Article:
Local nurses union seeks public support



About 20 cars were parked on both sides of 13th Street in front of the hospital with signs in their windows. Most read, "Support Havre's registered nurses."

The nurses union voted recently to approve concerted actions, such as parking the cars with the signs. Other possible actions could include informational picketing, taking out advertisements or asking for support from other unions, said Bob Ingram, chairman of Local No. 12 of the Montana Nurses Association.

Kathie Newell, spokeswoman for Northern Montana Health Care, said the administration had no comment about the cars.

Negotiators for Local No. 12 will meet with the hospital's negotiators Friday. The meeting was requested by a federal mediator, who is scheduled to come to Havre Jan 29-30.

The nurses, who have been working without a contract since Nov. 30, asked in December for mediation of the negotiations.

The hospital's lead negotiator, attorney Don Robinson of Butte, has said that the hospital is interested in resolving the issues Friday.

That's good to hear, Ingram said today. But Robinson's remark that the hospital's position hasn't changed is troubling, he said.

The hospital has offered counterproposals on only four of 28 proposals presented by the union, according to both sides.

If both sides go into negotiations unwilling to compromise, that isn't negotiating, Ingram said.

Ingram said the 24 proposals boil down to just a few issues and that a major issue is wages.

He said it's difficult to attract and keep nurses, especially during a nationwide nursing shortage, when a health care organization pays low wages.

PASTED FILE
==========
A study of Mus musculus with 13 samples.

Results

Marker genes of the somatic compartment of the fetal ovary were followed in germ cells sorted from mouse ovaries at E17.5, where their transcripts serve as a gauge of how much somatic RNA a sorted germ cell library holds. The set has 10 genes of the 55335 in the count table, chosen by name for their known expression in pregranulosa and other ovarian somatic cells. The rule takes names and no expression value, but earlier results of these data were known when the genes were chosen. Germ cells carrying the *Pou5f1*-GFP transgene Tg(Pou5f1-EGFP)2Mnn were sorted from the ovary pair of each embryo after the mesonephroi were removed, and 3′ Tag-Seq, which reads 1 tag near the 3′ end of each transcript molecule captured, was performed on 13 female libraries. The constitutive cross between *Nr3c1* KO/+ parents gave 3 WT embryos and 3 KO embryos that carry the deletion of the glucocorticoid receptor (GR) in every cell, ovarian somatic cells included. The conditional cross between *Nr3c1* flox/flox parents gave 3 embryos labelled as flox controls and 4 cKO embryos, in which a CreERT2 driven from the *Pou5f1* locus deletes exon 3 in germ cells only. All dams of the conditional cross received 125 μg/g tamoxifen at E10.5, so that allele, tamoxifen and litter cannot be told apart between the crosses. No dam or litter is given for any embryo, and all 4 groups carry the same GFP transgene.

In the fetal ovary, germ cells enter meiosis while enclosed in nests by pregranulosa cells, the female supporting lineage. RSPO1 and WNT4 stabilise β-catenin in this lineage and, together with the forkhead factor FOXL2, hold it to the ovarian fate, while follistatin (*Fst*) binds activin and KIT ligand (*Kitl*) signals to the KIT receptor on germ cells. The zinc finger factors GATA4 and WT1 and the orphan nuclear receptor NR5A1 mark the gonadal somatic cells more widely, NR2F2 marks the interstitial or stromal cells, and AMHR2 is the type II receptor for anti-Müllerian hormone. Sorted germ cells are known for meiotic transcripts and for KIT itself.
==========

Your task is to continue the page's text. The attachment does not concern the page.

Montana Nursing Association labor relations specialist Raymond Berg said the starting wages for registered nurses at the hospital, $15.62 an hour, are the lowest of the Montana health care organizations where the union represents nurses.

He said it's difficult to compare wages for more experienced nurses. Variables, such as what part of the hospital the nurse works in and what shifts are scheduled, make comparing wages very complicated.

Comparisons are simpler for nurses employed at the clinic. Of the 13 organizations where the union represents nurses, the Havre clinic also pays the lowest starting wage, $12.81, which is $4.07 an hour less than the average, according to the union.

The clinic pays $16.71 an hour for a registered nurse with 20 years of experience, while other union clinics pay as much as $22.22 an hour, $5.51 more.

In an environment where other hospitals and health care organizations are offering to pay a signing bonus and moving expenses as well as higher wages, Ingram said, it will be difficult to attract and keep nurses at Northern.

The union represents about 100 of about 150 nurses employed by Northern Montana Health Care.